At the heart of Modernity is the tenet “form meets function.” Perhaps no one company embodies this idea more than Knoll. From a constellation of studios and designers under the iconic Knoll name, the designs produced and beloved for decades have secured their places in the annals of modern design history.
Founded in 1938, the company’s 80th anniversary is this year (a fact celebrated in their “Eight Decades of Design” installation at ICFF). Here, we have a look through eight decades of famous furniture from the incredible minds that lend Knoll its sterling reputation.
1940s – Saarinen Womb Chair
Florence Knoll just wanted a nice chair to curl up in. Eero Saarinen met her demand for a seat that was “like a basket full of pillows” with 1948’s Womb Chair, which quickly became a mid-century modern treasure. Saarinen’s success with organic forms initially took shape with his collaborations with Charles Eames involving molded plywood. But he began to consider newly available fiberglass as a material that could be ideal for his curvy, comfy designs. Saarinen and Knoll met a skeptical New Jersey boat builder who was working with fiberglass and, after some begging, managed to get him to join in the experiment. The world of design has their enthusiasm to thank for this iconic seat.
1950s – Diamond Lounge Chair with Seat Cushion
One of the earliest values at Knoll was that of freedom of experimentation. Hans and Florence Knoll encouraged the designers they collaborated with to explore, which often led to some major innovation. Sculptor Harry Bertoia arrived at his signature wire seating designs with an assignment to show the Knolls something interesting if he discovered it. Rather than exhaustively research seating or design, Bertoia just played with ideas of what he would like to feel as he sat in a chair. After plenty of tinkering, the Bertoia collection–including the Diamond Chair–was born.
1960s – 1966 Collection Contour Chaise
Richard Schultz began designing aluminum outdoor furniture in the early 1960s after Florence Knoll moved to Florida and requested some designs that could withstand the climate. Unlike traditional outdoor furniture–often heavy, stamped metal with floral motifs–Schultz’s design was elegant and immaculately detailed, right down to the hidden connectors that stretch the slings across the frames. Modern design aficionados recognized the collection as the new standard for modern outdoor living. And the 1966 Collection designs have retained their modern appeal for the last 50 years.
1970s – Spoleto Chair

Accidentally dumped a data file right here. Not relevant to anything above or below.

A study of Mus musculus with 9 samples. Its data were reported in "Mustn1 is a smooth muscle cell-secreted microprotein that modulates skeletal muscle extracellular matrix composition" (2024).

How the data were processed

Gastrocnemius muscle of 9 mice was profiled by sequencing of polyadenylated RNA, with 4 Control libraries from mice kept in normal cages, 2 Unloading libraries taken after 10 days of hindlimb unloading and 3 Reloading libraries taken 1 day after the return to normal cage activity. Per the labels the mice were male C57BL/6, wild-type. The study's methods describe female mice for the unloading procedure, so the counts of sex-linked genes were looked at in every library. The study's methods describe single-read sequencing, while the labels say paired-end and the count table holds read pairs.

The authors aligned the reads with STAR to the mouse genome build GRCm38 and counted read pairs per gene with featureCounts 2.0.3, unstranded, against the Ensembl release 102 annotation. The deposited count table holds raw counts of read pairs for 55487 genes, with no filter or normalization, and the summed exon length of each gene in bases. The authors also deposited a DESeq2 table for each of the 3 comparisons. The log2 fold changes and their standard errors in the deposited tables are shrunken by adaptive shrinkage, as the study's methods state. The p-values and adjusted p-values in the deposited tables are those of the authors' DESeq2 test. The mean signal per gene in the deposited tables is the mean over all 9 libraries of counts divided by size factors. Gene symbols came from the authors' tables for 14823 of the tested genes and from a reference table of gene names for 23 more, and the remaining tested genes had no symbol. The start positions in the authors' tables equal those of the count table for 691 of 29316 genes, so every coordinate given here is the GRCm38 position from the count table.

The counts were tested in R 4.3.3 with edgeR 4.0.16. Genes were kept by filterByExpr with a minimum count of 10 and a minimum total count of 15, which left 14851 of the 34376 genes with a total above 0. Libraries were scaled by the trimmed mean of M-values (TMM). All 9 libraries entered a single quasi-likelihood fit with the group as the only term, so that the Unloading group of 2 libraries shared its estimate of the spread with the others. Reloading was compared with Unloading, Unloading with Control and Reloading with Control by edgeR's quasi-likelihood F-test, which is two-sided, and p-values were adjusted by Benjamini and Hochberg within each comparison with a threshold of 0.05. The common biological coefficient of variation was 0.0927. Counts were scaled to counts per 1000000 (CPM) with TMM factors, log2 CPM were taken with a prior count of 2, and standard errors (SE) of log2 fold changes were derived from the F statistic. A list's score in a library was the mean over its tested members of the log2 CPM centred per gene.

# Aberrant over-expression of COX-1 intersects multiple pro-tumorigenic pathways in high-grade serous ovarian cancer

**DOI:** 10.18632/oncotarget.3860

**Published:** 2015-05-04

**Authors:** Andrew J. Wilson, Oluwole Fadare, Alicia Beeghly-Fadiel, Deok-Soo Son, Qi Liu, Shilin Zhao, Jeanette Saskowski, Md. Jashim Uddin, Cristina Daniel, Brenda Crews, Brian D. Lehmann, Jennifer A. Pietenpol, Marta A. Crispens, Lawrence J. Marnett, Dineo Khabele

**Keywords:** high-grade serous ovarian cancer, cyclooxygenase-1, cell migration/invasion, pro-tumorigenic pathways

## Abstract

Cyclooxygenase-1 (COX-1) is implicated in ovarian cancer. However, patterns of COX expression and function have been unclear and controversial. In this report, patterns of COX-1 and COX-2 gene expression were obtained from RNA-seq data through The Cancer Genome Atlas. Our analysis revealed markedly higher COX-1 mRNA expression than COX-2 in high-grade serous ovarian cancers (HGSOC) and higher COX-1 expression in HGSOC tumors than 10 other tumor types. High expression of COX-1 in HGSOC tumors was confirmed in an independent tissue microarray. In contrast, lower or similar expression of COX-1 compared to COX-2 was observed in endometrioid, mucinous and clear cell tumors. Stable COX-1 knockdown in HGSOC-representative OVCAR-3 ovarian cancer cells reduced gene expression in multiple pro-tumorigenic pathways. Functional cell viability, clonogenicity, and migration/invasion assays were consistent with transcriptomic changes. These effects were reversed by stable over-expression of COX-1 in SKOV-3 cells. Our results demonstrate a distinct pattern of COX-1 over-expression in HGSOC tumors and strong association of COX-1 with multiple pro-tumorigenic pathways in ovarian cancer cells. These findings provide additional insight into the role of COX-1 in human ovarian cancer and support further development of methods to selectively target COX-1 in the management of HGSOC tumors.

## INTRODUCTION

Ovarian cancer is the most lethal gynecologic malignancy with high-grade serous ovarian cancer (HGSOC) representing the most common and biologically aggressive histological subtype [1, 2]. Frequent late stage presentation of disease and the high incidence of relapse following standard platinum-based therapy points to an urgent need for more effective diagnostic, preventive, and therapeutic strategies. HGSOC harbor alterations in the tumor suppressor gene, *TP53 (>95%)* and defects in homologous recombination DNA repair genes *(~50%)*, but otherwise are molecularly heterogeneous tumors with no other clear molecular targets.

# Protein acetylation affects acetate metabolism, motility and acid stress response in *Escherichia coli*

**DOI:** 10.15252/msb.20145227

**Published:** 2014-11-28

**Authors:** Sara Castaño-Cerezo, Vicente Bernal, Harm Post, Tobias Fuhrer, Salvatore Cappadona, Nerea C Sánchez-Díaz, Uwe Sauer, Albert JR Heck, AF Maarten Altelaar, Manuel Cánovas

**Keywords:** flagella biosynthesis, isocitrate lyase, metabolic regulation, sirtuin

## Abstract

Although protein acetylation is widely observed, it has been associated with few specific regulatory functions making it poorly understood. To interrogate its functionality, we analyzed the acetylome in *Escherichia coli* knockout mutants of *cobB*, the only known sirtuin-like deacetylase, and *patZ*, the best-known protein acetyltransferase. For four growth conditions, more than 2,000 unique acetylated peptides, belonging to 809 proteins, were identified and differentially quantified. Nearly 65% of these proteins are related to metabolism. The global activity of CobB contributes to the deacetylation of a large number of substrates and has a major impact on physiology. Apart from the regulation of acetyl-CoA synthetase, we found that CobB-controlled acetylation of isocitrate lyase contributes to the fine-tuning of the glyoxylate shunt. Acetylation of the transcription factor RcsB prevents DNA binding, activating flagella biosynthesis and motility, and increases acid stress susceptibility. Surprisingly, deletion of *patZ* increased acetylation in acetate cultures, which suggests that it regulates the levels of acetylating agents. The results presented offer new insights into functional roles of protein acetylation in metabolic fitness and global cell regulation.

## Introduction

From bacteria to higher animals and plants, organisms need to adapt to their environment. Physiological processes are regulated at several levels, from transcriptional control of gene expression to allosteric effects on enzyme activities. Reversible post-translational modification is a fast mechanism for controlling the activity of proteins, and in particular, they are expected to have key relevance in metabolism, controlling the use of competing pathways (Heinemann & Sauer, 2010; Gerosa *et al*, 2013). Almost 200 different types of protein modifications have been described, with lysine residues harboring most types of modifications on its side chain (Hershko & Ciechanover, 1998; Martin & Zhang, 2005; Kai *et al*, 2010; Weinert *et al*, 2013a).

Ufficio Tecnico is Knoll’s expert in-house team of technical engineers and designers. In 1971, they set out to create an even more spare and pared-down chair in the vein of Ludwig Mies van der Rohe’s iconic designs. Spoleto was designed to fit into small spaces, offering an elegant solution for urban living or otherwise close quarters. And its versatility is exemplified in a rainbow of colors of cowhide, which allows the minimalist design to complement any color scheme.
1980s – Toledo Stacking Chair
Born in the heart of Barcelona’s gothic quarter, Jorge Pensi’s Toledo Chair (1988) has become not only an icon of Spanish design, but an award-winning fixture in the Museum of Modern Art. Toledo is crafted from aluminum to stay cool even in warm climates, and may be stacked for easy storage. This practicality is belied by the simple, beautiful lines that cement the seat in the modern design canon.
1990s – Maya Lin Stones Seat with Optional Cushion
To celebrate Knoll’s 60th anniversary in 1998, architect-sculptor-designer Maya Lin brought a cross-cultural perspective to the line with her Stones stools and coffee table. Toeing the line between art and design is a hallmark of her aesthetic, as much as holding onto simplicity of form and engaging the observer with line and color. Lin created Stones with non-Western influences in mind, from Chinese porcelain pillows to pre-Colombian thrones, and a childlike wonder at discovering the curvature of the earth.
2000s – Chadwick Chair
Considering Knoll’s place in the evolution of the modern workplace, it only makes sense that they would help lead the way in ergonomic seating. One of the best examples of this is the Chadwick Chair, created by Don Chadwick in 2005. The design is understated, easy to use and supportive; in other words, the ideal representative of modern work seating. One version with basic controls and another with tilt stop control are available for just the right amount of adjustability.
2010s – Newson Chair
The Newson Chair was designed just this year by Marc Newson, also in honor of van der Rohe’s cantilevered designs. Its seat cantilevers inward, an element made possible by the chair’s aluminum frame–lightweight and flexible, yet strong. The same can be said of the breathable mesh seat and back panels. All-in-all, this deceptively simple chair shows just how far Knoll has come while still staying true to time-tested engineering tenets.
Honorable Mention – Barcelona® Chair
Finally, this chair may have come long before Knoll was founded, but it still holds a special place in the company’s history. Ludwig Mies van der Rohe’s best recognized maxim, “less is more,” produced one of the best recognized objects of the 20th century: the Barcelona Chair. Van der Rohe was an up-and-comer in Modernist circles when he designed the chair to represent Germany in the 1929 International Exposition in Barcelona. He brought his foundation in structure and materials to the project, along with (reportedly) a nod to ancient Roman campaign seats to create the design that has been in continuous and exclusive production by Knoll since 1953.
When she’s not polishing up promotions as a Web Content Specialist, Kelsey is practicing how to properly pronounce Danish, if only to be able to say “home is where the ‘hygge’ is.” Aside from Scandinavian design, she spends a lot of time thinking about organic gardening, mini farms, honey bees and England.